Most readers will probably remember the “Roadmap 2050” that was published last year by the European Climate Foundation (ECF). It made quite a splash in Brussels and internationally.
The Roadmap has led a quiet existence since that time, but ECF itself has continued working hard to influence climate policy in Europe. For example, they have been cooperating actively with the European Commission’s Directorate-General of Energy, which is working on its own Energy Roadmap 2050, a crucial document which is expected to be be published in November.
The main conclusion from the ECF’s Roadmap was that a transition to a decarbonised economy is technically possible and financially affordable (though with some heroic assumptions on energy efficiency improvements). The 64,000 dollar question that remained, however, was where the huge upfront investments can be found that are needed to kickstart the renewable energy revolution.
Now ECF has come out with a new (much less publicised) report that addresses this question. ECF did extensive research over the past year or so, talking to institutional investors, energy companies and policymakers to find out where possible financial bottlenecks might exist and what may be done about them.
Many of their findings are quite interesting and sometimes surprising. For one thing, they found that the energy companies will not be able to finance the energy transition on their own. They need to draw in institutional investors. But they also found that institutional investors and energy policymakers live in completely different worlds. Institutional investors are “not part of the climate conversation”, as ECF puts it.
Which is a problem, because – and this is perhaps ECF’s most important conclusion – investors will not commit themselves to the renewable energy sector unless policymakers take away the biggest risk of all: the risk that they change their own policies.
EER’s editor Karel Beckman had a candid conversation with the main authors of ECF’s new report. You can read his article by clicking here.
More on the energy transition
Please note that today we have also posted a video film on our homepage featuring an interview with Stephan Singer, Director Global Energy Policy of WWF. It was made by energy consultancy KEMA for their Smart Grid Sherpa website. We hope you enjoy it.
Note on the Marcellus Shale
On 1 September we published a short article about a new study from the US Geological Survey on the potential gas reserves in the Marcellus Shale, the biggest shale gas play in the world. We wrote that the study seemed to indicate that the reserves in the Marcellus Shale were much smaller than previously thought.
This at any rate was a conclusion drawn in several news media and it did seem to us confirmed in the USGS report. This conclusion, however, turns out to be incorrect. It was based on a misinterpretation of the USGS report. We apologize for this inaccuracy and we have amended our story accordingly. You can read the new version by clicking here.
| 6-7 October 2011 | Zurich, Switzerland|
The conference brings together market players and decision makers of the renewable energy industry and addresses the subject “The Age of Renewable Energy: Key Strategies of Market Players”. Two compact days of expert presentations and discussions will bring into focus the latest trends and developments in Europe’s renewable energy markets.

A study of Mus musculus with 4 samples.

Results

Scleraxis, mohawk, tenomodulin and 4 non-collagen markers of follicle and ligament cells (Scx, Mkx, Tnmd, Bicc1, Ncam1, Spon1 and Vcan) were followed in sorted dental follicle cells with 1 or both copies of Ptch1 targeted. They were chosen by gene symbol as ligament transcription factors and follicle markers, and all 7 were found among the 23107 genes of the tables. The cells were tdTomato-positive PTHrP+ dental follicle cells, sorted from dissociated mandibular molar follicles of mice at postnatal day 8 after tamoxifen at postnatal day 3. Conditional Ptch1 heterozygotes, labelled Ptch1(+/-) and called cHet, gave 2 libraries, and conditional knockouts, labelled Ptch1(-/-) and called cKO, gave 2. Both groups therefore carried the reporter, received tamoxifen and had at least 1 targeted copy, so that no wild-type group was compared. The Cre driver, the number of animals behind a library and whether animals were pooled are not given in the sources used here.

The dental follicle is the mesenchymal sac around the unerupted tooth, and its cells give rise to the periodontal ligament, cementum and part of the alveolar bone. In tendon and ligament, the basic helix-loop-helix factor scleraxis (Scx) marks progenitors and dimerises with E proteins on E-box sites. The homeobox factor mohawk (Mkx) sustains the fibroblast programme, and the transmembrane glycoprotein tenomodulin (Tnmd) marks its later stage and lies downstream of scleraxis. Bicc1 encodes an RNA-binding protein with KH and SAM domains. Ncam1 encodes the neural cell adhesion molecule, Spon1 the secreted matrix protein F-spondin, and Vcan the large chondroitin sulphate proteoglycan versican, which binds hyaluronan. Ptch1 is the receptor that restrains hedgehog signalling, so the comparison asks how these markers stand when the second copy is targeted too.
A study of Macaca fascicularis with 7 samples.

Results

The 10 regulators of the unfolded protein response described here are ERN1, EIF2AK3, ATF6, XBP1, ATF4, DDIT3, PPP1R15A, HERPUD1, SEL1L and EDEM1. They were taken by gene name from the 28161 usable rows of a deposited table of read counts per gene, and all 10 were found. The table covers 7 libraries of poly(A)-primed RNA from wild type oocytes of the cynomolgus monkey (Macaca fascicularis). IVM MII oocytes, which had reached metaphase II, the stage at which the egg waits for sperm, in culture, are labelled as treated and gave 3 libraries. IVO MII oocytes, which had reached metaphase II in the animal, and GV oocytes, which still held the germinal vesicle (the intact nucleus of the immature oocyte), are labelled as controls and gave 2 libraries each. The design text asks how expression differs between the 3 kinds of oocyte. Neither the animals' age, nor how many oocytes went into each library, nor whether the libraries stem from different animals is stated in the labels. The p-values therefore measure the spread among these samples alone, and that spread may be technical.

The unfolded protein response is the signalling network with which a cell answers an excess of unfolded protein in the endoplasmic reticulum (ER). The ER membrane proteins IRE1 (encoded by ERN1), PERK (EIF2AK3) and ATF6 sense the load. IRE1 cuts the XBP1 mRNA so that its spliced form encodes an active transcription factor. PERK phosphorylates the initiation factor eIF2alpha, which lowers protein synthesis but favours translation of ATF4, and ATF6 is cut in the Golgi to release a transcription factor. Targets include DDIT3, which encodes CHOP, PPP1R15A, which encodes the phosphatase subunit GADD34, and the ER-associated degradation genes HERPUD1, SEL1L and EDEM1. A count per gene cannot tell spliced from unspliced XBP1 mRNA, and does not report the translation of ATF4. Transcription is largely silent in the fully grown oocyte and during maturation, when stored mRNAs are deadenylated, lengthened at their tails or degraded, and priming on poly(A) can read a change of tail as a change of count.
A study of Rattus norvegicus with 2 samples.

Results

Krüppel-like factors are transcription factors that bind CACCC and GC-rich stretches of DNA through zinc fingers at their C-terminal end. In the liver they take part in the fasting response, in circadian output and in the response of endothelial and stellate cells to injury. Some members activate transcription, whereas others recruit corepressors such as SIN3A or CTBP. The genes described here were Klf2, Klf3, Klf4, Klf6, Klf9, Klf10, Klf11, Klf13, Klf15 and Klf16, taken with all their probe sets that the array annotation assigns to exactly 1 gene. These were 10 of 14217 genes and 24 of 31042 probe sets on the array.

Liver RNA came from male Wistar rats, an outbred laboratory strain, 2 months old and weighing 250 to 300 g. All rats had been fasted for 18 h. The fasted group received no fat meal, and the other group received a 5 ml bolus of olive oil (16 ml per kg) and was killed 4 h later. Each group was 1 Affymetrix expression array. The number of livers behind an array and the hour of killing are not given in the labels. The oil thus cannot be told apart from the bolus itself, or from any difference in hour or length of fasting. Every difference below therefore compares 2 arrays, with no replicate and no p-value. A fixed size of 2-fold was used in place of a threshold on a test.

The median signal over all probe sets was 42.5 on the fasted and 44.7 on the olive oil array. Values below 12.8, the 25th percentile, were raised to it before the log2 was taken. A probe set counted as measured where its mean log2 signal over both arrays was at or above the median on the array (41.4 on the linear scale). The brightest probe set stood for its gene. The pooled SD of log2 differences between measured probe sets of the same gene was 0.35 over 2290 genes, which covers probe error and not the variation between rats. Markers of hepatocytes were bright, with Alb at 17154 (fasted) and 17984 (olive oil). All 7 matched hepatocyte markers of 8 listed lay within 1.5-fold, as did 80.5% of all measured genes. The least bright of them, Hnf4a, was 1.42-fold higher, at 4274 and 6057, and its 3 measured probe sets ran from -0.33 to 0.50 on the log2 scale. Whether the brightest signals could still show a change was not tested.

Ana Stanic’s interview on the European Commission’s future energy directives.
|Coming up on European Energy Review|
- New report: how to build a European-wide CO2 pipeline network
- The prospects of geothermal energy
- European Climate Foundation on how to finance the European energy transition
- Renewable energy ambitions of Scotland
- Shale gas fight in France
By Sonja van Renssen
For the first time, Brussels is taking concrete steps to wrest control of external energy policy from the EU member states. The European Commisson wants to monitor all intergovernmental energy deals between EU member states and third countries. In the longer term, also it wants to be allowed to negotiate energy deals on behalf of the EU. The proposals come at a sensitive time in the history of the European Union.
By Reiner Gatermann
The Lithuanian government has come into sharp conflict with the European Bank for Reconstruction and Development (EBRD), over the dismantling of the Ignalina nuclear power plant. In addition, the project is facing a financing gap of €1.5 billion after 2014.
By Michael T. Klare
A 30-year war for energy preeminence? You wouldn’t wish it even on a desperate planet. But that’s where we’re headed and there’s no turning back, says energy author and Professor of Peace and World Security Studies Michael Klare.
By Matthew Hulbert
The Rosneft-ExxonMobil deal looks sensational at first sight, but the actual commitments from the two companies are still quite small. Both sides look to be hedging their bets. Which means Exxon’s rivals can still hope to become part of Russia’s Arctic future.
By Atanas Georgiev
Bulgarians are asking themselves whether shale gas would be the best way of achieving greater energy independence and what its potential environmental hazards might be. Both for Europe and Russia there is more at stake than may be apparent at first sight. Atanas Georgiev reports from Sofia.
By Karel Beckman
A new assessment of the Marcellus Shale in the northeastern US by the US Geological Survey seems to indicate that shale gas resources in the US may be a lot smaller than was previously thought. EER provides a brief summary of the issue and an overview of recent shale gas publications.